For many small companies and hobbyists, a DIY overhead crane solution can appear to be an intelligent decision. By utilizing a few readily available components, such as wood or steel beams, a hoist, and some connection and reinforcement plates, a DIY crane could add some breathing room to small company budgets everywhere.


Unfortunately, while initially looking good on paper, the DIY crane option presents several safety and operational concerns that can cost a business both customers and revenue in the long run. This article will examine and discuss the inherent dangers of DIY cranes.



DIY Crane Materials


Readily accessible materials such as wood and steel I-beams can be found in most companies’ material yards or scrap piles. Typically stored outside, these materials are subject to weathering, warping, or insect damage that can dramatically impact the material’s performance and lifespan.


Mismatched components such as connection plates, bolts, turnbuckles, and shackles are also common and highly problematic. When these components are not made from the same material with equal Working Load Limits (WLL), the potential for load damage, component failure, and physical harm increases dramatically.


Without the proper engineering and component testing of their professionally assembled counterparts, DIY cranes put workers and materials at risk by creating an unsafe work environment.



DIY Crane Costs


Despite the reduced material costs, DIY cranes can quickly become a time-consuming and expensive project. The original design must be changed several times before or during the assembly process to address other issues, such as lift capacity, height, and reach.


Each hurdle or delay keeps workers from regularly scheduled tasks, quickly impacting productivity and the company’s bottom line.


DIY Crane Maintenance & Repairs


Since they don’t use standardized parts, components, or assemblies, DIY crane maintenance and repairs typically require more downtime than a professionally engineered crane assembly.


Off-the-shelf parts are more readily available for maintenance needs and emergency repairs, minimizing downtime. Standardized components cost significantly less than custom-made or one-off options typically incorporated into a DIY crane.



DIY Crane Safety Features


Since many DIY cranes are limited by the available tools, components, and materials, safety features may be non-existent or minimal. Any operating overhead crane is required to include various safety features, including:


  • Emergency stop button
  • Warning lights
  • Audible alarms
  • Upper limit switches
  • Load Limit Label on the hoist and crane certifying its limits


Every crane operator should be certified by the National Commission for the Certification of Crane Operators (NCCCO) and follow the appropriate OSHA Guidelines:


OSHA 1910.176 General Material Handling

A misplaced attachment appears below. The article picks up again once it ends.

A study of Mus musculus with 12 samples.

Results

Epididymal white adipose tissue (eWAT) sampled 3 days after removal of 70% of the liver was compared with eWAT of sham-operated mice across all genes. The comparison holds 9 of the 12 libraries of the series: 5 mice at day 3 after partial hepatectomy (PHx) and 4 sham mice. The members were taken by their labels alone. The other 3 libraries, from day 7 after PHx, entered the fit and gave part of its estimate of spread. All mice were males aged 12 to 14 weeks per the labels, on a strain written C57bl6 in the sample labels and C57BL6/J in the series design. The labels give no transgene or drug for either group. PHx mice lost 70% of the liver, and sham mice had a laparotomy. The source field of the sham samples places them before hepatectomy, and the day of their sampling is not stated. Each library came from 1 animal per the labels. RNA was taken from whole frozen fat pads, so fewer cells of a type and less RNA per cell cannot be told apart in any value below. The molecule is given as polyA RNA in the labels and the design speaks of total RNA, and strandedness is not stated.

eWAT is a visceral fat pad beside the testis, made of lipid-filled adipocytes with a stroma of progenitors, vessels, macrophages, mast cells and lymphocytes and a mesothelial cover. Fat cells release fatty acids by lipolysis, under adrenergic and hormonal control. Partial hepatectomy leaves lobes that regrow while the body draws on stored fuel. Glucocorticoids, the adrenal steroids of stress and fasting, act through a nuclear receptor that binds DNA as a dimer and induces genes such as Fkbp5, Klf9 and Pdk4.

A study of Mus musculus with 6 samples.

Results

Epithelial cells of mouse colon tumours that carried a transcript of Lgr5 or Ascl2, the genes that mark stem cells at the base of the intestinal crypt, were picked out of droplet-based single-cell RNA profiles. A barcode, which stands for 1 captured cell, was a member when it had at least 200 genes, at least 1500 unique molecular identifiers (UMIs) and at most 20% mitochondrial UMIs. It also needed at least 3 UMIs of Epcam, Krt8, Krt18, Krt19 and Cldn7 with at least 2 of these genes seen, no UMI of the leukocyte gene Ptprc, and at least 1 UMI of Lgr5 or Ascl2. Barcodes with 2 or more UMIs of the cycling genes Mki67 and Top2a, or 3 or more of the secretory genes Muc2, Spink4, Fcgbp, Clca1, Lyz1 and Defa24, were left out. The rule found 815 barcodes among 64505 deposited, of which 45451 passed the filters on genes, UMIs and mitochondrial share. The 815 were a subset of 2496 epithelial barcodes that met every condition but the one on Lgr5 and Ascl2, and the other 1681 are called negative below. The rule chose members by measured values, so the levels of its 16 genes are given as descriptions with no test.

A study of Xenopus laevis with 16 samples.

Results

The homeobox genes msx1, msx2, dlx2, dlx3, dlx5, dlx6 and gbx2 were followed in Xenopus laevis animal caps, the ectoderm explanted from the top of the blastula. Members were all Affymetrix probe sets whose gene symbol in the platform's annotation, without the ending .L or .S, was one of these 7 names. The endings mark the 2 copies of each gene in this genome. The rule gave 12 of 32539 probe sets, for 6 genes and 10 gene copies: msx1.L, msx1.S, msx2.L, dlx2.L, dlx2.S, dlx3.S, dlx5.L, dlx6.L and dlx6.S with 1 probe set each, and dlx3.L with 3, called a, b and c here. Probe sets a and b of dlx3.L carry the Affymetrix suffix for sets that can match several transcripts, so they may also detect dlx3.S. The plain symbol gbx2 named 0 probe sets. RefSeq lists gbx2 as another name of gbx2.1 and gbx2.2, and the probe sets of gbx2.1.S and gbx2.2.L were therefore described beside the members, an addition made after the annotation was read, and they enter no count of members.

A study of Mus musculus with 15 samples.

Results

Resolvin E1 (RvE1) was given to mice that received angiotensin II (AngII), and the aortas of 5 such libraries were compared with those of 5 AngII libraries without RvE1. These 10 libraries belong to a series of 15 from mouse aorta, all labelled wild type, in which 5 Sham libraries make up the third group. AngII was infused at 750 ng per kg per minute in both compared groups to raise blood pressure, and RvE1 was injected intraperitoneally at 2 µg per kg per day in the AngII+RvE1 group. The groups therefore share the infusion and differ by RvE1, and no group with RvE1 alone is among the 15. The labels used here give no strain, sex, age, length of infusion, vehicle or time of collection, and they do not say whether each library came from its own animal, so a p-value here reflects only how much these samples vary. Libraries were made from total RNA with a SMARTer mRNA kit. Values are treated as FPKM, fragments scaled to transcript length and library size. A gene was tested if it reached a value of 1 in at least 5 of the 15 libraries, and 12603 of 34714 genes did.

OSHA 1910.179 Overhead and Gantry Cranes

OSHA 1910.184 Slings


An operating crane’s final and most important safety feature is a properly trained and certified operator.


By utilizing on-hand components, DIY cranes also typically lack the options readily available with a pre-engineered crane assembly, including:


  • Industrial braking systems for reduced maintenance and repair costs
  • Precision gearing to minimize vibration
  • Automation technologies like snag detection or anti-sway
  • Radio controls
  • Solid-state DC control drives
  • Variable Frequency Drive (VFD system)


Each option can dramatically improve worker safety while increasing productivity and reducing maintenance costs.



DIY Crane Legal & Insurance Issues


Despite the potential pitfalls outlined above, the most significant challenges with DIY cranes involve insurability and liability.


Most liability insurance policies require that the crane:


  • Meet applicable engineering certifications
  • Meet all safety requirements
  • Receive regular inspections
  • Receive recommended maintenance
  • Be operated by a certified operator


Non-compliance will typically void most liability insurance policies. Since many DIY cranes lack one or more of these requirements, they might not be covered in the event of a claim or accident. As a result, the property owner, crane builder, and operator could ultimately be held responsible for any accidents or injuries during its operation.


Material handling is an inherently dangerous business. According to OSHA statistics, nearly 80% of crane upsets/failures occur while operating an overloaded crane, with DIY cranes having a substantially higher fail rate than properly engineered cranes.


Proper engineering, testing, and regular inspections are the only ways to establish the capacity of any crane correctly, and proper training is essential for any operator to keep materials and workers safe.


Let Hi-Speed help you with all your crane needs, including engineering and maintenance, to ensure maximum uptime and worker safety. You can email the Hi-Speed Crane Experts or call us today at 800-713-0103.